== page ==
Uber and Lyft must reclassify drivers as employees, appeals court finds
In a blow to Uber and Lyft, a California appeals court said Thursday that the companies must reclassify their drivers as employees rather than independent contractors, affirming an earlier court decision.
The ruling marks a significant development in a months-long legal fight between the companies and the state of California, which in May sued Uber and Lyft and claimed they were in violation of state law. It also puts greater pressure on the companies to successfully pass their California ballot measure which seeks to exempt them from the law.
The state has argued that by classifying their drivers as contractors, Uber and Lyft deprive those workers of benefits they are entitled to under a law that took effect January 1. The law, known as Assembly Bill 5, or AB-5, says companies can only treat their workers as independent contractors if those people are free from company control and perform work outside the company's core business.
A reclassification of their workers would represent a radical shift forced on the two businesses, which have built up massive fleets of drivers by treating them as independent contractors and not providing them benefits that they would be entitled to as employees, such as minimum wage, overtime, paid sick leave and unemployment insurance.
In August, a California court ordered Uber and Lyft to reclassify their drivers in the state as employees, delivering a win to the state. At the time, both companies had threatened to shut down if they were forced to reclassify their workers.
The ruling prompted the companies to appeal. But Associate Justice Jon Streeter of the appellate court wrote in his decision Thursday that the injunction restraining Uber and Lyft from classifying their drivers as independent contractors was valid.
"It is broad in scope, no doubt, but so too is the scale of the alleged violations," he wrote.
"Uber and Lyft have used their muscle and clout to resist treating their drivers as workers entitled to those paycheck and benefit protections," Attorney General Xavier Becerra said in a statement after the ruling. "It's time for Uber and Lyft to play by the rules."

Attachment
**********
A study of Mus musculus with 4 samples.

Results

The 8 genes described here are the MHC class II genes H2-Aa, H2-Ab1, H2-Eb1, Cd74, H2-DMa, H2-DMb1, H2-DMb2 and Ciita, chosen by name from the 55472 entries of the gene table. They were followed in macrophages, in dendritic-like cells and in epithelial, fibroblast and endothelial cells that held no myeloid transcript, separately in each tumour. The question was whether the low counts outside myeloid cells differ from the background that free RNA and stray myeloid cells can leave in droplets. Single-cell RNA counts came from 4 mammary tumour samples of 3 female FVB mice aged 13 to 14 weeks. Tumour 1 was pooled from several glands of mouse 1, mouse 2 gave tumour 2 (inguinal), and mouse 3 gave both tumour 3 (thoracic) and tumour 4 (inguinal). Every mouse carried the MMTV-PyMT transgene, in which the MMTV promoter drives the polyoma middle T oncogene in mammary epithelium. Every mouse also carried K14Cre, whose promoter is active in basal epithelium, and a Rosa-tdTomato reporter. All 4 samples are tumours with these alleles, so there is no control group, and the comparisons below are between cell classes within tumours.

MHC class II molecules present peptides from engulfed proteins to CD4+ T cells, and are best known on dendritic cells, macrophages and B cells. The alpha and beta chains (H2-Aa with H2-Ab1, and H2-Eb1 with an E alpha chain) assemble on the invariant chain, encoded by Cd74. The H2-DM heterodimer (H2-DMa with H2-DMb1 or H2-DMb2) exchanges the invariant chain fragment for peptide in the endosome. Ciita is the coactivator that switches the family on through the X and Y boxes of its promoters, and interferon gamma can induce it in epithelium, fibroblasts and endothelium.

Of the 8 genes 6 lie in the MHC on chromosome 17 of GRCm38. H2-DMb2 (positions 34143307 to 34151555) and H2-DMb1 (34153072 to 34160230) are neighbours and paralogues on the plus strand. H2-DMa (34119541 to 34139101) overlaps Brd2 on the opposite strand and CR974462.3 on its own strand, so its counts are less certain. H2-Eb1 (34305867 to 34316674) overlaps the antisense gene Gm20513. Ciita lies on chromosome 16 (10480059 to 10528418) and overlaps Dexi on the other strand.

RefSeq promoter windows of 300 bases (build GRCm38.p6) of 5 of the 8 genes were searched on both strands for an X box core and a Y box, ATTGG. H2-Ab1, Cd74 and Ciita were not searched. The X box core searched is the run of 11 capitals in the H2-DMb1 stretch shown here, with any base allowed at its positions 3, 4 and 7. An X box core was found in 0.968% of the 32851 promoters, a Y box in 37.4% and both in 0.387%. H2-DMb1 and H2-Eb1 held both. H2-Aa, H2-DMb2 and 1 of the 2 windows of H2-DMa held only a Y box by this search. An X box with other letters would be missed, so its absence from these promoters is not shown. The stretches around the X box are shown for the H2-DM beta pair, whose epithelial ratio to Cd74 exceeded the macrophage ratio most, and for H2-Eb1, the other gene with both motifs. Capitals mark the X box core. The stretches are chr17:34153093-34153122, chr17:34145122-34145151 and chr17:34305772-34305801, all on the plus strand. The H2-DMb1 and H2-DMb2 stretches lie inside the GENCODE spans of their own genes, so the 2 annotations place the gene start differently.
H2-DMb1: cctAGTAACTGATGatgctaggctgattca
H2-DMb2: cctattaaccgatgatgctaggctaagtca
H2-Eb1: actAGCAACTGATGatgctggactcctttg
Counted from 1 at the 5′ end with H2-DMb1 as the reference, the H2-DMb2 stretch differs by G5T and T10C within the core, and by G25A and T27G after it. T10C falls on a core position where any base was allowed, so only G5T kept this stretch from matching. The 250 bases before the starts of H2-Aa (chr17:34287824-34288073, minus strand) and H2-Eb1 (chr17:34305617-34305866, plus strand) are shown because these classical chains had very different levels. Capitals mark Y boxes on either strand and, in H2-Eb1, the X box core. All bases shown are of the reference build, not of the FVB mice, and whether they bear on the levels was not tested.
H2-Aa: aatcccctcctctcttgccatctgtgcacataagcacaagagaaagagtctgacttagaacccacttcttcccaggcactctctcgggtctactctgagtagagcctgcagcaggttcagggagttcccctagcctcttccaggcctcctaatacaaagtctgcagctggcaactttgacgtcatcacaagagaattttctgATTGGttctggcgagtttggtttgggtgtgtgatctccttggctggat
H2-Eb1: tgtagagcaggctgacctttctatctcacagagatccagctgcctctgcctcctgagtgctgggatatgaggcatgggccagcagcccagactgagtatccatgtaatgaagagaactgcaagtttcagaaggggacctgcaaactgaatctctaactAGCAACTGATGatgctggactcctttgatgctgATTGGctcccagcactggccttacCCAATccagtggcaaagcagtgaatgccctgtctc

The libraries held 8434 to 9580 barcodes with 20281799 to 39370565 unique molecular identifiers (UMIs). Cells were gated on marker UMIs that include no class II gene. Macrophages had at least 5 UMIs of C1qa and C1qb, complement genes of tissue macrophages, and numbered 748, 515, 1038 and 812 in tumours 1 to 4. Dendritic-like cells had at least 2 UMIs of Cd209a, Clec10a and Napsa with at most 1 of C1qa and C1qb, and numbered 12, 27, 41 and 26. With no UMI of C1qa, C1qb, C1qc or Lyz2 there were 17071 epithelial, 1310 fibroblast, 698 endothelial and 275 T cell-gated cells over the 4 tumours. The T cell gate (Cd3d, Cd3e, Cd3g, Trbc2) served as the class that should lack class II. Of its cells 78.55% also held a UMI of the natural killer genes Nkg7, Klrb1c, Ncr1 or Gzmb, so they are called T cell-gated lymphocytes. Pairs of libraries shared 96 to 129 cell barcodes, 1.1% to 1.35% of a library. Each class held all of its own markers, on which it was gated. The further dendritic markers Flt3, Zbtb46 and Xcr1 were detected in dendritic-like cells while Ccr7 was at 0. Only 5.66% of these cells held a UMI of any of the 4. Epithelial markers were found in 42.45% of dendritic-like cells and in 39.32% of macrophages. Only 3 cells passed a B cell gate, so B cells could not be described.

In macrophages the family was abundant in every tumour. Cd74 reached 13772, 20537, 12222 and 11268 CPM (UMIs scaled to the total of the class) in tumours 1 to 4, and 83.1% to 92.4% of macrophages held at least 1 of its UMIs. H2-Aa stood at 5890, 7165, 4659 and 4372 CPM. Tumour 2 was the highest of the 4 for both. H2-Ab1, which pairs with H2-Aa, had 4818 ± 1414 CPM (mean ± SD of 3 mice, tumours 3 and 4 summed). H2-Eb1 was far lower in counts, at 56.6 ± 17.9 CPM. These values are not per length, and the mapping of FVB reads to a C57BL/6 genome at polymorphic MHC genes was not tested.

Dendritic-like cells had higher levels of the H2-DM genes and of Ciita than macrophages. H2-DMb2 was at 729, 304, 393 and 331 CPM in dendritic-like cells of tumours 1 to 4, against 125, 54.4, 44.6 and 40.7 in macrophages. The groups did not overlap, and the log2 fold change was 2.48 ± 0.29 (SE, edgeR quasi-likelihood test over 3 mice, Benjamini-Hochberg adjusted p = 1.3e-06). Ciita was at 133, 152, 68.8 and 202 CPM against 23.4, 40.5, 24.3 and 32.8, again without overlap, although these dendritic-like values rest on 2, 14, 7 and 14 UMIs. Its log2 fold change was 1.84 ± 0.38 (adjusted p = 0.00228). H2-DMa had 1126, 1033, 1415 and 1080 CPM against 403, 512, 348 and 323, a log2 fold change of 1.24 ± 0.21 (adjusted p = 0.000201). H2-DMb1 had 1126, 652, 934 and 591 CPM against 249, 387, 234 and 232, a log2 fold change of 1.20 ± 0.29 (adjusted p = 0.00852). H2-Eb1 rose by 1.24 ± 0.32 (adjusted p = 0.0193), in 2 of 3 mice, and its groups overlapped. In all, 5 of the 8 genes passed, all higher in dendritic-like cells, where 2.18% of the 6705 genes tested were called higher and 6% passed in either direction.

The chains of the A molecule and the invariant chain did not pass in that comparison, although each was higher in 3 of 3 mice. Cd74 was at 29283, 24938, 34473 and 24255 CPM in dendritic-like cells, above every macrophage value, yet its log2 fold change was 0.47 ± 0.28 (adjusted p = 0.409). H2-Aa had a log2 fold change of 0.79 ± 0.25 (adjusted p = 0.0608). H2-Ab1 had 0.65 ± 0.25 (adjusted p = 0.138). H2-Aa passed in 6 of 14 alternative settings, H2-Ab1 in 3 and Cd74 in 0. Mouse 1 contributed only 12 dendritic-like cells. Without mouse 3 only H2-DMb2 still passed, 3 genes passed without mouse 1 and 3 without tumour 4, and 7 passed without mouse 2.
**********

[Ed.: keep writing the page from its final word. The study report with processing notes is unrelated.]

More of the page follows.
The change won't happen immediately. Uber and Lyft still have 30 days to comply with California's law once the appeals process finishes. That clock typically starts 61 days after the appellate court transfers jurisdiction back to the trial court, assuming the opinion is not challenged. It is unclear if Uber and Lyft would appeal Thursday's ruling to the California Supreme Court, though Uber said in a statement to CNN Business that "we're considering our appeal options."
November's election might also make that court process moot. Uber (UBER) and Lyft (LYFT) — along with delivery services that use drivers such as DoorDash, Instacart, and Uber-owned Postmates — have poured $188 million into a California ballot initiative known as Proposition 22 that aims to side-step the AB-5 law.
If Prop. 22 passes, ride-hail and delivery drivers would continue to be treated as independent contractors. There would be some concessions on benefits, including a minimum earnings guarantee based on "engaged time" when a driver is fulfilling a ride or delivery request, but not the time they spend waiting for a gig.
"This ruling makes it more urgent than ever for voters to stand with drivers and vote yes on Prop. 22," Lyft spokesperson Julie Wood said in a statement to CNN Business on Thursday.
Uber also pivoted to the vote on Prop 22 in its statement, saying that if the measure is not passed, "rideshare drivers will be prevented from continuing to work as independent contractors, putting hundreds of thousands of Californians out of work and likely shutting down ridesharing throughout much of the state."
Last month, the CEOs of both companies told the California appeals court that they planned to comply with the law if the lower court's injunction was upheld, and if Prop. 22 fails.
But compliance "would at a minimum require fundamental changes to Uber's platform," wrote Uber CEO Dara Khosrowshahi. He said that the change would "dramatically restrict" the number of drivers Uber could hire, among other moves.
Lyft CEO Logan Green wrote that "such implementation may include ceasing rideshare operations in all or some parts of California."